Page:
September 2020

By partnering with local research intensives and instilling a sense of purpose, regional businesses can ensure the local labour market is attractive to new graduates, writes Geoff Green, registrar and secretary at the University of Leicester

Following months of uncertainty, a crippling pandemic and the announcement that the UK is officially in a recession, there are now reasonable and serious concerns over the graduate labour market.

For regional businesses, this concern is amplified by the annual 'brain drain' that sees a significant number of university graduates leaving the region in which they studied in pursuit of employment opportunities elsewhere. A study published by Grant Thornton in 2018 found that the issue is especially prevalent in the East Midlands, with only 17 per cent of graduates planning to remain in the area following the completion of their studies.1

This means that even if employment opportunities are scarce, job vacancies must be attractive enough to dissuade local graduates from searching for greener pastures.

The University of Leicester has always had a focus on local community development. Founded out of a desire to commemorate the sacrifices of local Leicestershire people in the Great War, we take pride in our city, our community, and have gone to great lengths to increase the number of talented graduates who choose to stay and work in the city and county. We also have a duty of care to our graduates to fulfil their potential and secure employment opportunities that will further their careers.

However, desire or local pride is not enough to attract and retain talent, nor does it provide a blueprint for local businesses seeking graduate employees. Rather, businesses must do what they can to implement a purpose that entices graduates and must also collaborate with local research intensives to provide fulfilling employment opportunities.

77 per cent of adults would consider a company's purpose before applying for an available role

Meaning matters

A decade ago, a business' purpose could be summed up very succinctly: generate profitability and growth. Now, a business' purpose is defined by the values it stands for and has become a critical recruitment tool, particularly for those looking to attract millennial and 'Gen Z' graduates.

An oft-cited report from Deloitte predicted that by 2025, 75 per cent of employees will be made up of millennials.2 The report added that millennials 'want to work for organizations that foster innovative thinking, develop their skills, and make a positive contribution to society'.

This sentiment is supported by a 2019 Glassdoor survey that that stated 77 per cent of adults would consider a company's purpose before applying for an available role.3

At the University of Leicester, we have instilled an identity and ethos that underlines our purpose as 'Citizens of Change'. We have fostered a culture of mission-based research that makes a positive difference locally, nationally and globally. This refocusing of our identity as agents of change has been embraced by our students, graduates, educators and researchers, and our success as a research institution is thanks to their ambition to better themselves, as well as the world.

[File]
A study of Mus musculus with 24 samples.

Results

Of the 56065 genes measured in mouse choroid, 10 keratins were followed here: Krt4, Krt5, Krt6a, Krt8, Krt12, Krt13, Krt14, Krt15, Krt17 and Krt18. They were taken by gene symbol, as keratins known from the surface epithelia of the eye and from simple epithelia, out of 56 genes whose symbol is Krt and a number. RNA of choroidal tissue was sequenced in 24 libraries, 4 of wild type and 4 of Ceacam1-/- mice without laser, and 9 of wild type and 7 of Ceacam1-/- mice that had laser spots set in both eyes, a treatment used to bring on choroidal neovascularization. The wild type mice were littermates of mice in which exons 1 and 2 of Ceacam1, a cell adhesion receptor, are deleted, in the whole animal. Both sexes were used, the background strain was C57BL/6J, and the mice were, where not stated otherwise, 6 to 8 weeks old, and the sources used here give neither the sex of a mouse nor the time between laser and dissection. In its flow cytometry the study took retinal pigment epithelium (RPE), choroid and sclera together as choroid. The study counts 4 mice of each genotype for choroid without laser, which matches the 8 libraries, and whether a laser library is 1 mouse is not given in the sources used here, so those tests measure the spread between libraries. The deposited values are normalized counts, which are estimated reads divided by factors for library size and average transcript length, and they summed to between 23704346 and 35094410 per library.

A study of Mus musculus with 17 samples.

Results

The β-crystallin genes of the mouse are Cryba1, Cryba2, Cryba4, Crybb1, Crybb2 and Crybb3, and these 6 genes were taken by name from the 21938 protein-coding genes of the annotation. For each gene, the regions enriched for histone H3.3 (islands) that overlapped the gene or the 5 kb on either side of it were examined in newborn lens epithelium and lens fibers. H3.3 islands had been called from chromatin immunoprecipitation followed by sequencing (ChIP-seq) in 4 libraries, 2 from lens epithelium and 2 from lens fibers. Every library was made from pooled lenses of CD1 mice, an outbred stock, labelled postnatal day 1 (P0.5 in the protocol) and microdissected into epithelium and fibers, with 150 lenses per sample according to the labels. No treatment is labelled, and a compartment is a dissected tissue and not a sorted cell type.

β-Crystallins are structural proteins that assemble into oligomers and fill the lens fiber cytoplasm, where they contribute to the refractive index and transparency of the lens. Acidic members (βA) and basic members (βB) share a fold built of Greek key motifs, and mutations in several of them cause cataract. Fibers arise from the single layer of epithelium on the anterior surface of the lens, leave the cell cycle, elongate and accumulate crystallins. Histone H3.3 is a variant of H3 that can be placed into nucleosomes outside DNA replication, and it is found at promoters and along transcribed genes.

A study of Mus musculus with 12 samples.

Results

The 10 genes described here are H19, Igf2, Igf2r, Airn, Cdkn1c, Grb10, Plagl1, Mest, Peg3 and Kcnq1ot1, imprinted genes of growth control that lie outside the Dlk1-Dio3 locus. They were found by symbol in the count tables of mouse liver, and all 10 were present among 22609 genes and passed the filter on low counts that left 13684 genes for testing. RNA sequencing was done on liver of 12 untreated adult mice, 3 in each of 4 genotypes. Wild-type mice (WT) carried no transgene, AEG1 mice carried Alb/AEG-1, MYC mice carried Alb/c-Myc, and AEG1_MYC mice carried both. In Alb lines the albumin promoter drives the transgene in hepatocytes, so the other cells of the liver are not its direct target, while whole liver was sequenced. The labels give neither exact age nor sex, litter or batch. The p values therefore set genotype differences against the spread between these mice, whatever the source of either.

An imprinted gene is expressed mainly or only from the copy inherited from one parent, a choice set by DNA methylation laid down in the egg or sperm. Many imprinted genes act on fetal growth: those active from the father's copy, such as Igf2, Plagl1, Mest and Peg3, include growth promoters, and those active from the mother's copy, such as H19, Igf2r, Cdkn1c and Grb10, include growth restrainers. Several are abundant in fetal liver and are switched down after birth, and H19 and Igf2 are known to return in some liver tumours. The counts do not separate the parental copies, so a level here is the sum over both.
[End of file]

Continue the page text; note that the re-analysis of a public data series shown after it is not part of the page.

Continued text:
It is therefore integral that businesses can define what their purpose is, outline what their commitment to the greater good will be and offer graduates the opportunity to make a meaningful difference.

Collaborate locally to achieve a common goal

Aside from instilling a positive purpose, businesses must collaborate with local universities to generate new employment opportunities. The University of Leicester has an award-winning Employer Engagement Strategy that connects graduates to the roles that are best suited for them, and also has an award that is offered to every student in their first semester to help develop a talent pipeline into our graduate programme.4 However, local investment is vital to ensure these opportunities are available.

The University of Leicester is committed to investing locally to further the employment opportunities of our graduates. For example, we are collaborating with local and national governments, as well as private and public investors, to build a state-of-the-art space research facility. Space Park Leicester will be a world-leading hub for space research and a global leading centre for the translation of earth observation data into commercial applications and services for businesses.

Not only will Space Park Leicester support industrial growth in the sector and provide a financial boon to the local economy, it will also provide tremendous opportunities for graduates to remain in the region and work with some of the most significant organisations on the planet, such as Hewlett-Packard, Amazon and Airbus.5 Most importantly, it will have a core tenant of inclusivity by fostering employment opportunities across attainment levels, ensuring that graduates can fulfil their ambitions here in Leicester.

For businesses looking to attract the best and brightest graduates, get in touch with your local university to get an understanding of what research and expertise it offers. Familiarise yourself with any local university incubators and offer to collaborate. Lastly, ensure that your purpose is aligned to the ambition and aspirations of new graduates.


  1. UK regions struggling to retain young talent, Grant Thornton, 2018.
  2. Big demands and high expectations The Deloitte Millennial Survey, Deloitte, 2014.
  3. Mission & Culture Survey 2019, Glassdoor, 2019.
  4. Top employers target Leicester's graduate high-fliers, University of Leicester, 2019.
  5. Airbus Intelligence relocating to Space Park Leicester, University of Leicester, 2019.